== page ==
Trading on Hope is a Bad Thing; Look at What Happens to GE


I am telling you upfront, this is not the 147th article about GE and its restructuration strategy. However, I will use this example to discuss a fundamental lesson about investing. Trading on hope is a bad strategy. Without a strong investment thesis, buying a stock in the hope that the company will turn on the heat and become a leader again is rarely a good move. At the beginning of the year I listed the reasons why I think General Electrics (GE) is a bad investment. Many investors told me I was wrong because they had the “chance” to pick GE at $8-9 dollar and now they are making huge profits…on paper. I will revisit this concept too. But first, let’s discuss what is happening with GE for a moment.

A tale of an obvious story

Late in October, before analysts started to think about a dividend cut, I wrote: General Electric: Can You Handle Another Dividend Cut? The first 4 points of my article were the following:

  1. Power, oil and gas as segments are dragging the company down.
  2. The company is in “budget cut” mode.
  3. There is no room for dividends anymore.
  4. Even the most optimistic scenarios show a valuation under $20.

GE has been going nowhere for a while now. It has become too complex to succeed instead of too big to fail. However, investors kept buying shares with great hopes.

  • Hope based on the “fact” GE used to trade at $30+ (remember, when a stock trades at $30 once, it doesn’t mean it will go back to that level…ever)
  • Hope based on the “fact” GE is a 100+ years old company (remember, companies are not immortal, they can really die)
  • Hope based on the margin of safety coming from a very low price (if you bought it at a good price, nothing prevents you from selling it at a good price too!)

Dear investors, remember something; we are not in a Star Wars movie, a New Hope is not always what you need in your portfolio.

Hope is not an investment thesis

As you can see, the three reasons I listed above are not real reasons why an investor should or should not invest his money. Those are stories many investors tell themselves to avoid making their own due diligence and asking the real questions:

  • Does GE have a real plan? (They didn’t unless they came up with the dividend cut this week)
  • How exactly GE will get back on track? (Their initial plan included: going forward….lame)
  • What makes GE great compared to its competitors? (before their new plan this was a complicated question to answer)
  • How GE will continue paying/raising their dividend? (then again, many investors “hoped” for better days without a real explanation).

I know I am hammering this point over and over, but I am flabbergasted to see how many investors ignore this crucial step when investing: write down your investment thesis! Think for a moment as if you are GE’s CEO. It is time to discuss some serious points.

  • Do you understand what you do? (What is the business model?)
  • Do you understand where you are going? (What are your growth vectors?)
  • How will you evolve your business? (What your guidance looks like, what are the new projects you are working on?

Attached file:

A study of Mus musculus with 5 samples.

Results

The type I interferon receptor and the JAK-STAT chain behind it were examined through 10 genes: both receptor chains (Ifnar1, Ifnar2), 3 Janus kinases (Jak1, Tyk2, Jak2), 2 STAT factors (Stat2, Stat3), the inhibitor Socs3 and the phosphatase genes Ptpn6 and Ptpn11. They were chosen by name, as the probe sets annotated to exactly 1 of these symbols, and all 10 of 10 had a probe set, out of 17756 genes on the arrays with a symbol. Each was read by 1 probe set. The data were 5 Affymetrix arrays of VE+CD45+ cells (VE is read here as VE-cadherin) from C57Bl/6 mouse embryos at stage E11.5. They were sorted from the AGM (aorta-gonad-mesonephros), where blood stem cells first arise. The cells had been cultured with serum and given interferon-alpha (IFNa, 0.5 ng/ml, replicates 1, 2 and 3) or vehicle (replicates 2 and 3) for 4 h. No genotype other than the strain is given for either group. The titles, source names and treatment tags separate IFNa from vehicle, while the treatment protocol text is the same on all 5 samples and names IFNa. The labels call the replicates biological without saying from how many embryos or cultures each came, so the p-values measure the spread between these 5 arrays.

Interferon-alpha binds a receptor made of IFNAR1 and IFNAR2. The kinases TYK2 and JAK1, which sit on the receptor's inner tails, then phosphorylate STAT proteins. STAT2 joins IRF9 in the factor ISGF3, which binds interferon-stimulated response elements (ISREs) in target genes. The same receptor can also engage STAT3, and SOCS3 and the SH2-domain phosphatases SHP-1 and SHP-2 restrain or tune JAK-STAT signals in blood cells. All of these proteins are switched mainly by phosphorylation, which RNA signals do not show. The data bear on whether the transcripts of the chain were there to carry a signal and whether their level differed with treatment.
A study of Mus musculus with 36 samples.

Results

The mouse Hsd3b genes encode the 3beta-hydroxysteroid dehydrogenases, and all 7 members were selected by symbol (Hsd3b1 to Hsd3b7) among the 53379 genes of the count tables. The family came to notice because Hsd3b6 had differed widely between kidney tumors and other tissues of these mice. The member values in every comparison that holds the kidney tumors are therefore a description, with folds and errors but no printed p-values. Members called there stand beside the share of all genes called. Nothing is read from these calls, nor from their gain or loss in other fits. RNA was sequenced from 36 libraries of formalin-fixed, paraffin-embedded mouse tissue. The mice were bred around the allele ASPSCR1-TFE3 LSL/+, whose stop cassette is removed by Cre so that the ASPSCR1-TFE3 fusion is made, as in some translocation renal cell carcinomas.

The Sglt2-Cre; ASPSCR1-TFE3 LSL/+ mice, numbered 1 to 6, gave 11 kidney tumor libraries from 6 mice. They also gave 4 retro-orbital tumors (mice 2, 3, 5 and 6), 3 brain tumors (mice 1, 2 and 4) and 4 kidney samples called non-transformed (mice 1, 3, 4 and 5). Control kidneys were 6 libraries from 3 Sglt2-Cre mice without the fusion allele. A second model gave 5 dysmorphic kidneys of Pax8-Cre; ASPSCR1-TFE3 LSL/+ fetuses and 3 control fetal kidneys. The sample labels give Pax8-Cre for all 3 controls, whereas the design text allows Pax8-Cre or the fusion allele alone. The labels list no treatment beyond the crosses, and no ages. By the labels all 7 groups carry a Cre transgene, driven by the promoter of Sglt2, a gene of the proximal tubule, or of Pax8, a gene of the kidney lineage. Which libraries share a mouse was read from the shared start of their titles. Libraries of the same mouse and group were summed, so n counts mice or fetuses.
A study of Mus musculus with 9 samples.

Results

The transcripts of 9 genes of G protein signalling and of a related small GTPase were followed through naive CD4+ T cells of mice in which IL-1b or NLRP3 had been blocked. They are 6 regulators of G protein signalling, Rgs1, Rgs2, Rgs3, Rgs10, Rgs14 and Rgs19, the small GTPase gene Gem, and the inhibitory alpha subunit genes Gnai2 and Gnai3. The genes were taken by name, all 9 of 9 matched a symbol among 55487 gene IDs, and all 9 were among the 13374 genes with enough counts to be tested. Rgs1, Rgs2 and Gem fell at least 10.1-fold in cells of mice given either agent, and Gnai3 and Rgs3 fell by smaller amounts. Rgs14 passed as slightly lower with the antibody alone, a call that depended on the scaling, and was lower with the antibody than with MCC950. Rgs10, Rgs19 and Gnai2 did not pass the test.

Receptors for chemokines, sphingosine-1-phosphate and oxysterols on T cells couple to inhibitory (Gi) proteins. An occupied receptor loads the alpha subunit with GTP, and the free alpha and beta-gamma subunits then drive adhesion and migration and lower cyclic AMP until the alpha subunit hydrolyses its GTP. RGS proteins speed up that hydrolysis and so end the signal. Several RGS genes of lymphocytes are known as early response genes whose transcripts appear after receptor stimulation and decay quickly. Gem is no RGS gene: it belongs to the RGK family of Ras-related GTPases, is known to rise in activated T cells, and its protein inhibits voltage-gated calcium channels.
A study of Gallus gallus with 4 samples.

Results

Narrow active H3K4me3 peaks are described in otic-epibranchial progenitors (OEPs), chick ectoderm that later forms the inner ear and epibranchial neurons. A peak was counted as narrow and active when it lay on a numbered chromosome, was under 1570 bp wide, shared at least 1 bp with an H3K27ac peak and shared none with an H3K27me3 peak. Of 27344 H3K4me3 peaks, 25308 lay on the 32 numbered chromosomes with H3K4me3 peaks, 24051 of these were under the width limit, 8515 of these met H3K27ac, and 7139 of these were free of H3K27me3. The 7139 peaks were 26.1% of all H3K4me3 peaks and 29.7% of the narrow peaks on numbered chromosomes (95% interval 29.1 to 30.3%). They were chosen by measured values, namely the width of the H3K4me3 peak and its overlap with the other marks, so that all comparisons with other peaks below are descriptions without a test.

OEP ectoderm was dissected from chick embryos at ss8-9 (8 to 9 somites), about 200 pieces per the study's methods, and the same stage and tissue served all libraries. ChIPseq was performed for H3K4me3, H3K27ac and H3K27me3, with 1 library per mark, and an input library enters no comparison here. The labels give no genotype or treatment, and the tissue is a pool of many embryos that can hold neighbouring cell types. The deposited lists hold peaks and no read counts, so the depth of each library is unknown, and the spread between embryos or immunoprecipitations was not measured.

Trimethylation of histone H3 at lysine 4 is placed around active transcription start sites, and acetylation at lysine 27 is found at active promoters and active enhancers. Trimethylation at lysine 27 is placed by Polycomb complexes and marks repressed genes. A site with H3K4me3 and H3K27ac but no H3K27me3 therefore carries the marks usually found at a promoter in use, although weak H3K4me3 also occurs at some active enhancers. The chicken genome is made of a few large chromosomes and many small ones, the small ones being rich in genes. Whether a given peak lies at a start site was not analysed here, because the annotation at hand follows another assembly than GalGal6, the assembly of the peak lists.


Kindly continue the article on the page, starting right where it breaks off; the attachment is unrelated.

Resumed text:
• How will you pay and increase your dividend? (honestly, if you can’t answer this one, just drop the ball and run).

Hope that things are going to get better is not a strategy. It is an excuse for being lazy with your money. If you only hope to lose weight, it will never happen. If you only hope that you will make more money, that will not happen either. What you need is a detailed plan; a plan for your investments, for your weight loss strategies, and for your next promotion or business idea.

Having a margin of safety isn’t a good strategy either

Many readers keep asking me when do I buy or sell a stock. I solved this eternal struggle a long time ago. I buy and sell a stock when the company meets or stops meeting my investment thesis. To be honest, it was making a lot of sense to put your money in GE during the 2008 crisis. The investment thesis was that Buffett knows what he is doing and that the market is over reacting to GE’s drop. GE Financial was the problem and there is a good chance that new money injected was enough to save the rest of the company from collapsing.

Source: Ycharts

But such an investment thesis is only good for a short period of time. A company such as GE had several problems. Thinking the market is overreacting and that there will be a bounce back is a thesis, but once it is materialized, it is time to think of an exit strategy:

Source: Ycharts

Because when you forget to apply your investment thesis to sell (meaning you sell GE once the stock bounced back) and decided to continue riding on your old gains, your smart investment does not look so great after all…

Source: Ycharts

The solution? Use a Stop Sell as a Poka-Yoke

Do you know what a Poka-yoke is? This is a mechanism to avoid (yokeru) mistakes (poka). Adding a stop sell on such trade is a great mechanism to avoid making the mistake of holding stocks forever based on hope. A stop sell would have got ridden of GE between 2014 and 2016. And then you could have used the money on another trade. If you doubt I use this and I am just good at being a Monday morning quarterback, here is what I just did on Qualcomm (QCOM).

In short…

If you have something to remember from this post here it is:

#1 always trade based on a written investment thesis

#2 use stop sells as a poka-yoke

When in doubt, you are better off with your money in your pocket than up in thin air, don’t you think?